Sen. Bailey sticks her neck out

So much for a do-nothing Legislature. Thanks to the leadership of Sen. Barbara Bailey, R-Oak Harbor, the Washington DREAM Act, also dubbed the Real Hope Act, passed the state Senate on Friday, 35-10. Common sense trumped partisan inertia. And the outcome defines the public good.

“We want all who reside in Washington state to get a good education,” Bailey said on the Senate floor. The center, it seems, can hold.

The DREAM Act is a bipartisan proposal that would make undocumented Washington high school graduates eligible for the state’s Need Grant, which helps the poorest undergraduate students pursue degrees. The DREAM Act only extends to Northwest students, many brought to the United States as children, who already are woven into Washington’s social fabric.

Bailey underscored that the Need Grant is underfunded, so she inserted an additional $5 million, evidence that her values are embedded in the bill. She emphasized the need to support veterans, highlighting her other bill, SB 5318, which limits the waiting time for veterans and active duty service members to be eligible for resident tuition. As we editorialized, SB 5318 is an excellent bill that merits passage. But lawmaking isn’t a zero-sum game, and Friday proved that.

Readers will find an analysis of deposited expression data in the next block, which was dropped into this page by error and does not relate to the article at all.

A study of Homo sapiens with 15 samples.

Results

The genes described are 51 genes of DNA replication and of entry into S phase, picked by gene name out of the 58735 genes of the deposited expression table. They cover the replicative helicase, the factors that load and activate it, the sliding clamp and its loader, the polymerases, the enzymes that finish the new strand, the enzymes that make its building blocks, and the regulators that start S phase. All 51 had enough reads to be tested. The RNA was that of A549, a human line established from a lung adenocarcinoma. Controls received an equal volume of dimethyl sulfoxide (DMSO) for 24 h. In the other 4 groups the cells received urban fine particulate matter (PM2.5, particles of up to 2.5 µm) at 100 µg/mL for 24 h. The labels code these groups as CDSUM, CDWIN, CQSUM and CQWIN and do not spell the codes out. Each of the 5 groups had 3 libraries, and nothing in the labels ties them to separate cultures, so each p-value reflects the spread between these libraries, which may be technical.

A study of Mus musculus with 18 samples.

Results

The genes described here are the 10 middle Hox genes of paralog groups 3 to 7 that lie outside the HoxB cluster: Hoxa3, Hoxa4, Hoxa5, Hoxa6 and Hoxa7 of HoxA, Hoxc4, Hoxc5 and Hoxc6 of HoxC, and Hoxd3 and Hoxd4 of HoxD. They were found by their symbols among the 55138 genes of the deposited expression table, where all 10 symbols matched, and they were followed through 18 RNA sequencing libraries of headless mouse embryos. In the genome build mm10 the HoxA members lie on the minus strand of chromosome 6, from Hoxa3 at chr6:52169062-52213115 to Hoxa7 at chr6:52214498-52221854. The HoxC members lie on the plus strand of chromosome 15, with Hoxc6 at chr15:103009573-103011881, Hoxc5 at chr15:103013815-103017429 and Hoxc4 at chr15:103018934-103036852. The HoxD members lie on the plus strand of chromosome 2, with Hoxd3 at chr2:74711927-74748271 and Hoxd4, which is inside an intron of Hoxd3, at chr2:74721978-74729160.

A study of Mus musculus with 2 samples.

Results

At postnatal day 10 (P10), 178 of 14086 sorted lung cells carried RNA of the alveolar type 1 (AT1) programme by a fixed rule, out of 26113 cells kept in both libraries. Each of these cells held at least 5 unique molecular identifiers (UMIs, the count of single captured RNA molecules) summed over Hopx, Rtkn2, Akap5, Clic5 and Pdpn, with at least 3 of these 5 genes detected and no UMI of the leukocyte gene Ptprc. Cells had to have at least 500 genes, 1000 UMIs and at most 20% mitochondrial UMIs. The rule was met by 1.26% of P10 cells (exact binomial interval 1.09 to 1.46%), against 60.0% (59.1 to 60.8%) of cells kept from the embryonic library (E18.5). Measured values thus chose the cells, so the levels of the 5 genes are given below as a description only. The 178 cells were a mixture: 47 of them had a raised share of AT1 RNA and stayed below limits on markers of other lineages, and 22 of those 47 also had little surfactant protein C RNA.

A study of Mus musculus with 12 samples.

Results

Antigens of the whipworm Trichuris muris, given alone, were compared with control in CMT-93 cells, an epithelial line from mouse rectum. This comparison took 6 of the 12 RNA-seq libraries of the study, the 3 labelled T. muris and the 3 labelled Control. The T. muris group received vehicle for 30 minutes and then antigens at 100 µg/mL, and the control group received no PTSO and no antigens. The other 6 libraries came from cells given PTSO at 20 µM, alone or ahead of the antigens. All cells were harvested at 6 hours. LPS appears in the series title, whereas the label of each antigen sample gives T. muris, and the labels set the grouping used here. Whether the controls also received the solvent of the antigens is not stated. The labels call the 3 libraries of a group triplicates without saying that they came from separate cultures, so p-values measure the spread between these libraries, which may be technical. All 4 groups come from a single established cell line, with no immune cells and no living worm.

“It would be wrong to pit these good students against our brave veterans. So I applaud the Senate for passing both measures and not creating a false choice between kids and soldiers.” said Zack Hudgins, House sponsor of the DREAM Act. “We are in a global competition for talent. We can’t afford to turn our backs on students in Washington who want to go to college.”

A senator from Minnesota said once that politicians either grow or swell. Bailey’s willingness to find common cause and advance two worthy measures is emblematic of her leadership and growth as a committee chair. It also could be a harbinger of more progress, including a state transportation plan and Senate passage of the Washington Voting Rights Act.

Liberal tacticians fume that this is all election-year politics. But motivations are extraneous. In the long view of history, what matters is the passage of the DREAM Act and the attendant windfall for Washington students. While Hudgins was the bill’s author and agitator, Bailey is the hero and the political closer. Fifty years ago, with the passage of the Civil Rights Act, it was Republican Sen. Everett Dirksen, not Democrat Hubert Humphrey, who was the closer.

Both Republicans and Democrats draw strength from Harry Truman’s wisdom, that the way to get things done is not to mind who gets the credit. Now, to get things done.